There were no nannies where I grew up. Fathers went to work and mothers stayed home, as far as I recall anyway. The neighbors across the street had an au pair one summer, and we all cocked our heads in confusion and wondered if the lady of the house would be playing tennis all summer as her outfits indicated. She had no job that we knew-no reason to leave her kids with someone else. That was suburban controversy at its height.
I don’t remember having a judgment at the age of 10. I’m sure my mother thought it was obscene to invite a young woman to live in your home not just because it was unnecessary in a one-income house but because it was highly improper. Clearly, you’re asking for trouble when a buxom Swedish girl of 19 moves in. Yet, I think everything turned out just fine across the street.
Fast forward to today. Our town. Our economy. Our generation. There are a significant population of nannies and au pairs and babysitters. There are stay-at-home mothers and stay-at-home fathers and parents who work out of their homes. Some work out of necessity and some work because they enjoy what they do, and often both situations apply to some degree.
And with all many variations of childcare come various designs of play dates. My favorite kind of play date is the drop-off. It doesn’t matter who’s minding the children because I’m just happy that I am not. In other words, when someone else is minding my children, I mind my children less.
In second place for me is the decidedly rare Perfect Match date. This is the play date where the stay-at-home parents are friends AND all the kids get along. Especially utopian is when the play date morphs into supper requiring little effort or clean up. We all make it through those tough late afternoon hours when small children are particularly wound up and grown-ups are digging deep to find whatever patience may be left after a long day. Add a glass of wine to the evening, and then it’s almost as pleasurable as the drop-off date.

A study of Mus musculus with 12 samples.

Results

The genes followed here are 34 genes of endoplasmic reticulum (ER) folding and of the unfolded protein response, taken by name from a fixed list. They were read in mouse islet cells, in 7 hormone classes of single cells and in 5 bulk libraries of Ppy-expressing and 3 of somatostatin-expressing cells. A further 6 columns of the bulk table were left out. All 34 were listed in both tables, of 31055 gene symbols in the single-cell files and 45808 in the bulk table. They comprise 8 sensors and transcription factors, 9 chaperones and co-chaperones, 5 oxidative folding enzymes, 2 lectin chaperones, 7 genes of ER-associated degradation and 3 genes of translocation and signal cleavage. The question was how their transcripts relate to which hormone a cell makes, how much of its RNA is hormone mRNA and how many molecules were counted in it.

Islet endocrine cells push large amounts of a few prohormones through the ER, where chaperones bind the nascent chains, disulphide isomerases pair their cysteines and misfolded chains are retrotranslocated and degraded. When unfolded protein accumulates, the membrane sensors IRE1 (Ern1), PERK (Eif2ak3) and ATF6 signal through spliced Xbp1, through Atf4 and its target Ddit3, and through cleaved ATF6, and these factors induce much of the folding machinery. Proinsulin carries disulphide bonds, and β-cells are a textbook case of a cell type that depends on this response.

After these top two play dates, the rest are equally unpleasant for different reasons. The kids may be friends when the parents are not. Or, the parents get along famously, but the kids spend the entire play date arguing with each other or avoiding each other entirely.
I’m just about as comfortable with play dates with the nanny as this Jewish, gay mom is spending Saturday morning at church with the Seventh Day Adventists. Ok, I might be exaggerating just a bit, but I’d rather not. That may sound unkind, but parenting is tough enough without having to endure an uncomfortable afternoon. Even more irritating is the rare occasion when a parent blind-sides me and co-ordinates a date with me and my kids but neglects to tell me that the nanny will be there while they are at work.
Over the years, I’ve successfully avoided most situations that are not going to be enjoyable. But there are the few occasions when the boys want to spend time with their friends, and I can’t give them a good reason why they shouldn’t. I take a deep breath and hope for the best and make a mental note to fill up their calendars so that we might be busy in the foreseeable future.